The Man Who Burst the Bubble – Leo McCauley

Leo McCauley has been a major part of the Moville music scene for years.

Indeed it could be argued that he and Paddy the Shoe are the Gran Daddies of pop and rock around here.

They have taught guitar and influenced the next generation of musicians in the town.

He is a regular at Songwriter Contests and Festivals.

Now, he has finally laid it down on a CD which has three songs on it.

Here is our review of it.


I am familiar with this song as Leo has played it on several occasions at Songwriter Contests. Indeed, he has played it in front of Beatles road manager Tony Bramwell.

Leo writes some great ballads and this is one of them.

The musicianship is good too.

It’s about asking a girl if they had met many years before. “Did we march in line, 1984?”

He names the places they may have been. “Ooooh, You’re so familiar to me”.

It’s a great catchy song with excellent lyrics.

Beauty and Grace

This is a slower, more mellow song. It is about a mother’s love.

He really is an old softy.

“if you ever pass this way again, be sure to say hello. We never did get to say goodbye that day you had to go. But when we next meet, on some distant street, we’ll talk and sing of love and all. Because your beauty and grace is missed around this place.”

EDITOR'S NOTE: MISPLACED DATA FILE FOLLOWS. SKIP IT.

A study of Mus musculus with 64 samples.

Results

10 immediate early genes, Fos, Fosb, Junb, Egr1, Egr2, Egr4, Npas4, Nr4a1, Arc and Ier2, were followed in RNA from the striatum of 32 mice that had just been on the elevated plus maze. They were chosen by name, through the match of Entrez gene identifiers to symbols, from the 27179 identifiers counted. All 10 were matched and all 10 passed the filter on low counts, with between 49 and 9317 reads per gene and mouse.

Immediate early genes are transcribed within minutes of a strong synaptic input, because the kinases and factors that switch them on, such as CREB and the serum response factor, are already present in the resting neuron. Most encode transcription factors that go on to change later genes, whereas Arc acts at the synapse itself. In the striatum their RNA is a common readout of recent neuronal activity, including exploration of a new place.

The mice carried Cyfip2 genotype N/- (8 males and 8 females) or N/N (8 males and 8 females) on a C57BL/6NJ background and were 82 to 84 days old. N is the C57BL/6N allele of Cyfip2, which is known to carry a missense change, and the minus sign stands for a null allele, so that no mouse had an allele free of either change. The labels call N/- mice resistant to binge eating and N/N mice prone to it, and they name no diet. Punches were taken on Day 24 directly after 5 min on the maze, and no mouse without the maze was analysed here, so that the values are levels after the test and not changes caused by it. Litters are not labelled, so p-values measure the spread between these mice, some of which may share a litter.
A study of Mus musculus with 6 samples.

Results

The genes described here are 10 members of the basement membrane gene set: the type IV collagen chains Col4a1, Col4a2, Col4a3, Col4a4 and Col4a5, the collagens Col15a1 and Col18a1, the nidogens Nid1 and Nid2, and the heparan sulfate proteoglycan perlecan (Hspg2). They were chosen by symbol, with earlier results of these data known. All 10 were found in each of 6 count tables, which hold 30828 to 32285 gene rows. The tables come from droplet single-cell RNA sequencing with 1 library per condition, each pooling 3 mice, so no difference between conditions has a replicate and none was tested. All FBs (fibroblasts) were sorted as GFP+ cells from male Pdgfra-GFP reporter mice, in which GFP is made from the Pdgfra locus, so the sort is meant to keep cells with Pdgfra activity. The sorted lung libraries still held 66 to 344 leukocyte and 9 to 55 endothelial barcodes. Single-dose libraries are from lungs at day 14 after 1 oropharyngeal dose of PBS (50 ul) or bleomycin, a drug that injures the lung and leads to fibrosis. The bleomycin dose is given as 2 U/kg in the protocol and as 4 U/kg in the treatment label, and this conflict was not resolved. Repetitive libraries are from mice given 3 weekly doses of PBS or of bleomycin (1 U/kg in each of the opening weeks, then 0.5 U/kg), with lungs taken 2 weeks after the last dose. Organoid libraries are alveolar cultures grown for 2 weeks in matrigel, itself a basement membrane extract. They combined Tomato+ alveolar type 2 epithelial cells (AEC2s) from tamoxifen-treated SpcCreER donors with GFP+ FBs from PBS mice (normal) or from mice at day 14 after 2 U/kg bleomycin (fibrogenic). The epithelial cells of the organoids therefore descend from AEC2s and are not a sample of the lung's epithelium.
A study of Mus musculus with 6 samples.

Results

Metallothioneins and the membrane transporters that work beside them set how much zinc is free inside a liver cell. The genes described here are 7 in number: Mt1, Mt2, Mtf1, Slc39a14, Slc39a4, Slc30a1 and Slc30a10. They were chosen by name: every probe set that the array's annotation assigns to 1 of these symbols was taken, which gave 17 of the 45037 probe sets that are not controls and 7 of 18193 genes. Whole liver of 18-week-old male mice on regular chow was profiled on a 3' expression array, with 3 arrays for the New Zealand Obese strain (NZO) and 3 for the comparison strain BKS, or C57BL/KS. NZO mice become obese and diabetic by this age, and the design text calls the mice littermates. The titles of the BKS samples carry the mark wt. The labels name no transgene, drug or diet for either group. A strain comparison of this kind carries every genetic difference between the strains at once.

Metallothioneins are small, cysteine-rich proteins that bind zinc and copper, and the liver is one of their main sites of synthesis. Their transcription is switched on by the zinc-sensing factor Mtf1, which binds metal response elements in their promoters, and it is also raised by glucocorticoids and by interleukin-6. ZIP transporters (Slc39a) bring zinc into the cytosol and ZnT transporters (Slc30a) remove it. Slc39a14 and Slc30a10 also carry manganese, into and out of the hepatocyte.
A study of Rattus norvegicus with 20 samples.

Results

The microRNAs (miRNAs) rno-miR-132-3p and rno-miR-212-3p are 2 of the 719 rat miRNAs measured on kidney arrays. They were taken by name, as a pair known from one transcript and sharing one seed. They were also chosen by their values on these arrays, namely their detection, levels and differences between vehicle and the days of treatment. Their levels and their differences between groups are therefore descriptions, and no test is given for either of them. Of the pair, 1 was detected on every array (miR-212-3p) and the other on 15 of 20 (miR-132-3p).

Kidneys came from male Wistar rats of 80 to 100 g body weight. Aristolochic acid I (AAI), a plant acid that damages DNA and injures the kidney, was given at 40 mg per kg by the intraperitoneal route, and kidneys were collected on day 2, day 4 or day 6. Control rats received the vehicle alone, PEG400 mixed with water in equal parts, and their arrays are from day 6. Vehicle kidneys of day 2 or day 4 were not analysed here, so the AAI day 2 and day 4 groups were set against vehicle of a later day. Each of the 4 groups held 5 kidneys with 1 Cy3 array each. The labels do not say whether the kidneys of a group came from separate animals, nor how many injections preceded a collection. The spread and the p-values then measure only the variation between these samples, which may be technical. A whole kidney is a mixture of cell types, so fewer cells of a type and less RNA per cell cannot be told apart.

It’s a very tender song, about someone who is no longer here but whose “face is now in God’s embrace”.

It’s like an anthem.

The music is great, the lyrics are great and it is a thoroughly good song.

The Man Who Burst the Bubble

One of the songs that Leo is most noted for when he plays around the town is the Rolling Stones classic ‘Sympathy for the Devil’ and this is definitely an influence on this song.

It’s not a steal and it’s not a copy. It is, however, of the same genre.

And that is good. It’s probably my favourite Stones song and all the better for having discovered it late.

It’s a great name for a CD and a song.

It’s about two bankers who made money in the boom and one of them lost out big.

One is still rich and the other is down and out.

“First to the bar. Two under par” in good times.

Now it’s “don’t look down on me” as he holds out a cup looking for spare change.

It has a great end and fade out.

You could imagine someone shouting “Wooh! Wooh” like on Sympathy for the Devil.

Maybe the fade out could have lasted longer as on Sympathy.

This one could easily be a hit at national or even international level.


It’s a great three-song CD and well worth a fiver.

I actually put it back on again as soon as it was finished,

It’s being released tonight (Friday) with a free concert at the Caiseal Mara starting at 10pm. Click on Leo’s CD Launch in Caiseal Mara for details.

Maybe they could have played on the roof of the kayak place down Bath Green and release white butterflies.

I might nip it over to Tony Bramwell to see what he thinks.